The earthquake that struck central Nepal on April 25 was bad enough, but then another major quake hit two-and-a-half weeks later, causing even more physical — and psychological — damage, said one aid worker.

“Parents were telling their kids, ‘Don’t worry, the big earthquake is gone, it’s over,’” said Kent Page of UNICEF who recently returned from Nepal’s capital Kathmandu to help assess school damages. “People were starting to dig out of the rubble and restart their lives when the second earthquake hit (on May 12) and that shook people up in an emotional way, perhaps more than the first one.”

So, the opening of some temporary schools this week provided not just needed education but a symbol of recovery as well, he said.

About 14,000 children began their education again, five weeks after the initial earthquake, in 137 temporary learning centers. The centers — provided by the Nepalese government, UNICEF and other groups — were constructed with bamboo frames covered with tarpaulins and mats lining the floor.

Supplies include papers, pens and books, along with recreational equipment such as soccer balls and jump ropes.

A facilitator helps children at a UNICEF-supported temporary learning center at Kuleshwor Awas Secondary School in Nepal's capital Kathmandu on May 31. Photo courtesy of UNICEF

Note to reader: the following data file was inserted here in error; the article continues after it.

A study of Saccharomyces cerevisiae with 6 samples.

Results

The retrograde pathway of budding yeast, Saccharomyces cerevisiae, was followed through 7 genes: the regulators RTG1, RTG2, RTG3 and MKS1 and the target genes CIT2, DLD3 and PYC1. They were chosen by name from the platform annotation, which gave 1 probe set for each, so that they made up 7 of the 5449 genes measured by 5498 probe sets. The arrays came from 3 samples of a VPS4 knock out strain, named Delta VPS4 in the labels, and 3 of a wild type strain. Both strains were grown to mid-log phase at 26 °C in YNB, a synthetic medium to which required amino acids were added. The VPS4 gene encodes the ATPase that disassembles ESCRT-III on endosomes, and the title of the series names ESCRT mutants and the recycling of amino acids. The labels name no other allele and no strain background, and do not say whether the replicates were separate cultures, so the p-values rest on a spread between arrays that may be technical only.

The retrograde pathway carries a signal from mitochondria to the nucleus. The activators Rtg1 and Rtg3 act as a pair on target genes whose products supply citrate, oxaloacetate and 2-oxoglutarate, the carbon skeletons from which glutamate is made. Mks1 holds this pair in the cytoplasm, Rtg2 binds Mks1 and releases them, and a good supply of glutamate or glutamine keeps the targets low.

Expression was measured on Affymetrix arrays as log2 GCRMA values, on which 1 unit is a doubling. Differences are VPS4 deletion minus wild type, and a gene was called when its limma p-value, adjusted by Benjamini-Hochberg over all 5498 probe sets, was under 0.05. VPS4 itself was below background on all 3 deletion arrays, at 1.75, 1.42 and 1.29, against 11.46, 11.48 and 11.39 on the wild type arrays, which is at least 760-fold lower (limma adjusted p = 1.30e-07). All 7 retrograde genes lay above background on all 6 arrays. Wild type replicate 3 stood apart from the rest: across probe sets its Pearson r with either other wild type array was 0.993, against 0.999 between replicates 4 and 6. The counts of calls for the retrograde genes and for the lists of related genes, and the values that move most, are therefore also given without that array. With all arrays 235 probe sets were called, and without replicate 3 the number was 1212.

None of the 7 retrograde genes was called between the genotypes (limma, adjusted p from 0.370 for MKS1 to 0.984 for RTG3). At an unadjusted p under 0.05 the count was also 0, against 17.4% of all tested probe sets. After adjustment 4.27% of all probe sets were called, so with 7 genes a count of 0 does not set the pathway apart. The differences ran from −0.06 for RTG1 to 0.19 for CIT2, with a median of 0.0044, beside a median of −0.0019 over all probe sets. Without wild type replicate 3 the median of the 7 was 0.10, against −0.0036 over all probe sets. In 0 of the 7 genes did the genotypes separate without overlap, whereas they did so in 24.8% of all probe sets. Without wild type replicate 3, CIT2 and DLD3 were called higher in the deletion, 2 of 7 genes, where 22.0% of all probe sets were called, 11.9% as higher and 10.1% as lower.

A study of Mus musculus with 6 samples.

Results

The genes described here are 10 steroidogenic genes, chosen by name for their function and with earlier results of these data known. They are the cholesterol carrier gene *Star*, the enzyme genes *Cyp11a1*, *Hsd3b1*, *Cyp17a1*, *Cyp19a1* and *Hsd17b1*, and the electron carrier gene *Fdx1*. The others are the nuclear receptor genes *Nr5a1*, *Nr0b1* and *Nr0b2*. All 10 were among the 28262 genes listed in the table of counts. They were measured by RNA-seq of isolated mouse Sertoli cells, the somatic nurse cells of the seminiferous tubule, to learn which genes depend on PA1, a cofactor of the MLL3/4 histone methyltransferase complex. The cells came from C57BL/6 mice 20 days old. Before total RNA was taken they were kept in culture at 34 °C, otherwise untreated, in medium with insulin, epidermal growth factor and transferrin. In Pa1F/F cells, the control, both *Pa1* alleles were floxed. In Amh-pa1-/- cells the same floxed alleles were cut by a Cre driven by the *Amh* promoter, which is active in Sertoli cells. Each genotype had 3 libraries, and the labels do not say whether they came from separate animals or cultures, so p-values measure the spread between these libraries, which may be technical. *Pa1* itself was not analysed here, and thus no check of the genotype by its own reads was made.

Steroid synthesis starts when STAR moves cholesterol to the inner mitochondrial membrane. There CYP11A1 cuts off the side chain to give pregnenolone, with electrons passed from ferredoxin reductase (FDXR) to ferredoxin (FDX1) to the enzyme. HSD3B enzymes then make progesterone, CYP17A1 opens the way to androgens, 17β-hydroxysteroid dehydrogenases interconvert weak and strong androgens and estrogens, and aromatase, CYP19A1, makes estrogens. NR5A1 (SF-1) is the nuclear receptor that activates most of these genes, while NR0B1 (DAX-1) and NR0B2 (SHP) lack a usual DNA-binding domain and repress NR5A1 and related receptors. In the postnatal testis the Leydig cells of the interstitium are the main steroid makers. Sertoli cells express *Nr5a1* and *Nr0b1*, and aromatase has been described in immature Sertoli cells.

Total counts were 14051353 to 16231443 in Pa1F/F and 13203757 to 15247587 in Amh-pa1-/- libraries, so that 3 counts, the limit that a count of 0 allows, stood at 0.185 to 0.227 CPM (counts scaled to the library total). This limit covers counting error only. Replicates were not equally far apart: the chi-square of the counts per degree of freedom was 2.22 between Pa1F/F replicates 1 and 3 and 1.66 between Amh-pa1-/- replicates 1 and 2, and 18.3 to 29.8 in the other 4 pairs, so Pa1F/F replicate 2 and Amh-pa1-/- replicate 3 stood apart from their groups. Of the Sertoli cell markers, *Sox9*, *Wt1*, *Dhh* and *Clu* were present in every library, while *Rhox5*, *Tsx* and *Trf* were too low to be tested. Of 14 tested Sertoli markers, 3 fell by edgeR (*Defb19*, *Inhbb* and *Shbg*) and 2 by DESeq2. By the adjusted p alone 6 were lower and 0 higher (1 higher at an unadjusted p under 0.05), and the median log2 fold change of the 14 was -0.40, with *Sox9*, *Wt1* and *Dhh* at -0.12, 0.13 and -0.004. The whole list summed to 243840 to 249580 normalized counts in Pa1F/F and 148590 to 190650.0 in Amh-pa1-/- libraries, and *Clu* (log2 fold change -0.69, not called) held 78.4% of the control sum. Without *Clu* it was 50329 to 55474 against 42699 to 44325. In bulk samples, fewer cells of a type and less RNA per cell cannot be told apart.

A facilitator helps children at a UNICEF-supported temporary learning center at Kuleshwor Awas Secondary School in Nepal’s capital Kathmandu on May 31. Photo courtesy of UNICEF

Teachers were trained to talk to children who are having difficulty processing the trauma they experienced.

“They’re very scared that there will be another big earthquake,” Page said. “They’ve seen all the damage earthquakes can do. They know friends who have been killed or injured.”

From previous disasters, UNICEF learned that children can recover quickly if they feel they are in a safe place, are cared for and have a sense of routine that school can provide.

And when children are attending school, it frees up their parents to do what they have to do to put food on the table and rebuild their own lives, Page added.

An estimated 980,000 children are still out of school in Nepal, and about 4,700 temporary schools are needed to accommodate them, he said. The government and organizations are trying to get as many learning centers set up as soon as possible before monsoon season starts at the end of June. “The areas most severely affected are in remote areas accessible by dirt roads which will be impassable when the rains begin.”

Adding to the challenge, Page explained, is the decentralized nature of the damage. Some towns were leveled. Others had scattered pockets of destruction, and still more escaped unscathed. “Slowly but surely more temporary learning spaces will be built, more schools structurally assessed and, gradually, more and more kids will get back to school.”

View a U.N. interactive map on the earthquakes in Nepal and their aftermath.